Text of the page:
Chapter Four of John Adams takes us with Adams and his son John Quincy on a transatlantic trip to France. Adams has been appointed along with Benjamin Franklin and Arthur Lee to negotiate an alliance with France. The fledgling country needs France’s naval support to defeat the British. Knowing hardly any French, having no diplomatic skills, no experience with royalty, and never having crossed the Atlantic before in the middle of winter, Adams faces tough challenges. The sea voyage to France alone is filled with hazard. Bad weather, battles at sea, and lightning strikes are only a few of the highlights of the trip. Just another reason why cruises and boats in general have no appeal for me whatsoever. 🙂
Once in France, Adams struggles to learn the language, and is not only by turns bewildered and enchanted by the French and their penchant for luxury, but is also negatively enlightened as to the true character of his fellow representative, the eminent Benjamin Franklin. Having worked with Franklin during the Continental Congress days and to some extent while putting together the Declaration of Independence, Adams discovers another, less respectable side to “the good doctor”. Dallying with the ladies, sleeping late, spending too much money and generally neglecting his diplomatic duties in favor of society are only some of the indiscretions. Plus Adams finds himself in the midst of the uncomfortable conflict between Franklin and Lee. This leaves Adams as the only one doing the real work of the commission, lonely for his wife, children and farm, surrounded by spies and people he cannot trust, and feeling unappreciated by his Congressional cohorts back home. Adams finally gets the chance to return home to Abigail, but only after the Congress decides to make Franklin their French minister and send no instructions for what Adams is to do. Once home within the warm confines of family life, Adams takes on the challenge of writing the state constitution for Massachusetts, which is according to McCullough the oldest functioning constitution in the world. Go Adams!
What I felt was most interesting about this chapter were the letters that the Adams parents wrote to their children. Their letters were so formal, yet full of good advice, hopes and dreams for their future, and praise. The formality of the language of that time period in general is so amazingly different from how we communicate with our children these days. I’ll compare a sentence that Abigail Adams sent to her son Charles: “Great necessities call out great virtues”, to a sentence I texted my daughter last week: “Hope u had a gr8 day bby”. Has society really been dumbed down that much? Or have we become more relaxed in our relations with our children? What was more remarkable to me is that the portion of Abigail’s letter to Charles that McCullough included at the end of Chapter Four was to a 9 year old child. I’m not sure my daughter would have known the definition of half of the words in that snippet of letter at age 9.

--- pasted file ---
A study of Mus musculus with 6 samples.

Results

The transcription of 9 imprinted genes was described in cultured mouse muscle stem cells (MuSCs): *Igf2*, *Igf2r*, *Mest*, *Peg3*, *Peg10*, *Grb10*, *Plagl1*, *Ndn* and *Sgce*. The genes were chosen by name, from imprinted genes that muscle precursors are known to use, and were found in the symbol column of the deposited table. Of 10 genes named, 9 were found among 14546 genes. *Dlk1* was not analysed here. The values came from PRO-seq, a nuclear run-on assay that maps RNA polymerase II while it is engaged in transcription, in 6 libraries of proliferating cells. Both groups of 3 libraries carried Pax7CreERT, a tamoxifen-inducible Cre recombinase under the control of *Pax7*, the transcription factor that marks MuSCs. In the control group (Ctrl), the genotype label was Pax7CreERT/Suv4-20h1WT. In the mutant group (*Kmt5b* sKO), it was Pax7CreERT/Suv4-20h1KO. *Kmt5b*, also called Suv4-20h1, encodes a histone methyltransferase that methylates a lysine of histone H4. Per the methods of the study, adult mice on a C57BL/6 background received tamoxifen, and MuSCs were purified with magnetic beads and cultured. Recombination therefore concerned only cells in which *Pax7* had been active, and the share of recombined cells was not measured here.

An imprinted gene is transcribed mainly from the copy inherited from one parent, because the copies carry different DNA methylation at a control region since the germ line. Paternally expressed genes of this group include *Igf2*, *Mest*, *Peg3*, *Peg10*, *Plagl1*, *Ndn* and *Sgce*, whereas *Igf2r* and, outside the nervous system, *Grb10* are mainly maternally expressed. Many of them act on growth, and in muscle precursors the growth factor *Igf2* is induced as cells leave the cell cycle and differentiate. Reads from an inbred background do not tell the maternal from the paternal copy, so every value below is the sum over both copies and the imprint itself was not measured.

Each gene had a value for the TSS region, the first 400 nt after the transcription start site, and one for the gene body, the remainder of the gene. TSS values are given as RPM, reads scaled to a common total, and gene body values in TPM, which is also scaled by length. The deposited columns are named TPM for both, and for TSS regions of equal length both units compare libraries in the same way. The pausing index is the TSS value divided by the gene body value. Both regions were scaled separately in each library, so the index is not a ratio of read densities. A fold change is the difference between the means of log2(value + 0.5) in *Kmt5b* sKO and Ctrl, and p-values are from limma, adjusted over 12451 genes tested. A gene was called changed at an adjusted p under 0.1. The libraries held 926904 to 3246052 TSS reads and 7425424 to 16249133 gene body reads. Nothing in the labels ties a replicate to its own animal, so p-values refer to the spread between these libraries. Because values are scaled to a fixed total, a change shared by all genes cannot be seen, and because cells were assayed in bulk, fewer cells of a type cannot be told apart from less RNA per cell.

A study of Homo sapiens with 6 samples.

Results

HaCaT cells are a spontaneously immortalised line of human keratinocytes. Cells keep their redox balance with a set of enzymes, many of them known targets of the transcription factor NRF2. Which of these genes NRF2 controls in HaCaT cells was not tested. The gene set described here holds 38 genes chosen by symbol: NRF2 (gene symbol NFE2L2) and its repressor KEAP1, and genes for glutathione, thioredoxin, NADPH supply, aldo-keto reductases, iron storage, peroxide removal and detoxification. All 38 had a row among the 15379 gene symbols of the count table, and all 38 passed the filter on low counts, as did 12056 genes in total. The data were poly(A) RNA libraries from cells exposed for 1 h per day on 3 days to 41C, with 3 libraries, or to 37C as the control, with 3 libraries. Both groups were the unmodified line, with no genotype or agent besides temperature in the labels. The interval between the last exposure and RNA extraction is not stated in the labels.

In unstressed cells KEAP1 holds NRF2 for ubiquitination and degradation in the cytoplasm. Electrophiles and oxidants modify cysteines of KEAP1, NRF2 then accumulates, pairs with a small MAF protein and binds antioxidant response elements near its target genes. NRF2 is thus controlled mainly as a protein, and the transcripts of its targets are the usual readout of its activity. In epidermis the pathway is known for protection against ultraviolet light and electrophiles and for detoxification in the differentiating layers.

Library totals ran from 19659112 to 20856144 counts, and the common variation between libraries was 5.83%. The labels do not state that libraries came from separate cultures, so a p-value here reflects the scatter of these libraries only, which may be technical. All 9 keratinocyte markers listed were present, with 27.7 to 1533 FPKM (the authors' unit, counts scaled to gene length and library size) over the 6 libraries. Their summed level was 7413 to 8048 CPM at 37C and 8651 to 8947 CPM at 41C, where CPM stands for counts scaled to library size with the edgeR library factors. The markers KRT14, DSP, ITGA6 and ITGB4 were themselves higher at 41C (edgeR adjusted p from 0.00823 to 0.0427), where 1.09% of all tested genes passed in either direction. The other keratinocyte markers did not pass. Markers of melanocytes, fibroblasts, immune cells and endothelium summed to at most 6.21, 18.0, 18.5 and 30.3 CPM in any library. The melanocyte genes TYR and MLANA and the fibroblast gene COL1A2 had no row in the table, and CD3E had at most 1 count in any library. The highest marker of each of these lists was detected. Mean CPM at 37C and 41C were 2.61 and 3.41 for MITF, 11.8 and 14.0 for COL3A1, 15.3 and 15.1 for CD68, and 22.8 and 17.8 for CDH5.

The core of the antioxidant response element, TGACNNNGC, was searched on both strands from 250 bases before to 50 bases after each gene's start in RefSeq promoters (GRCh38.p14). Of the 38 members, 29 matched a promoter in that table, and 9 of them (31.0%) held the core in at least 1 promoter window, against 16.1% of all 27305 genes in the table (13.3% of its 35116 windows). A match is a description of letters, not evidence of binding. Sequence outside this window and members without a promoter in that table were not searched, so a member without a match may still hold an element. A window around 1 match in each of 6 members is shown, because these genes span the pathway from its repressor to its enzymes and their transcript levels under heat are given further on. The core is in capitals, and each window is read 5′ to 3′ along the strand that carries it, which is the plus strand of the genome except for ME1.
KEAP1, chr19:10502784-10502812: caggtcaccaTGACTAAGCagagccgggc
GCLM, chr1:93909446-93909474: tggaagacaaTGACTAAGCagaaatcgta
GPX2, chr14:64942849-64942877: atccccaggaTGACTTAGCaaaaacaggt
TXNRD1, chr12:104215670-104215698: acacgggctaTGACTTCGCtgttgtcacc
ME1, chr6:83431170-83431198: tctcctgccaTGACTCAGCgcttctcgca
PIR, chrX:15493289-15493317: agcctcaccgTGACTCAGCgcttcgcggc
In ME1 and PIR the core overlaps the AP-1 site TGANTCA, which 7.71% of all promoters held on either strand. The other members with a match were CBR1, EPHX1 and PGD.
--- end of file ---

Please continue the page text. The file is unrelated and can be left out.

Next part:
We picture the famous folks of this era as something super-human, espousing all of the virtues that many claim no longer exist in our times, such as fidelity, integrity, and strength. I pictured Abigail bravely withstanding her husband’s absence with nary a complaint, but was surprised to read the voluminous correspondence she sent both to Adams and family and friends at this time bemoaning her situation and almost…..well, whining. I can understand how alone she must have felt, without her husband and oldest son to protect her in a war-torn country, with bare necessities hard to come by, and little or no income since Adams was no longer practicing as an attorney. It does not sound like girls were prepared in their pre-marriage lives for the possibility of trying to raise a family and keep hearth and home intact without a husband around, although I am sure it happened more frequently during the Revolution when men died in battle. And it was understandable that she would warm to the indiscreet Lowell’s flirtatious and flattering letters, even if she remained true to her husband in heart and soul. I wonder what Adams would have done had he known about the letters!
The next chapter has Adams heading back to France, once again sans Abigail, but this time with John Quincy and younger brother Charles. Soon the whole family will be speaking French!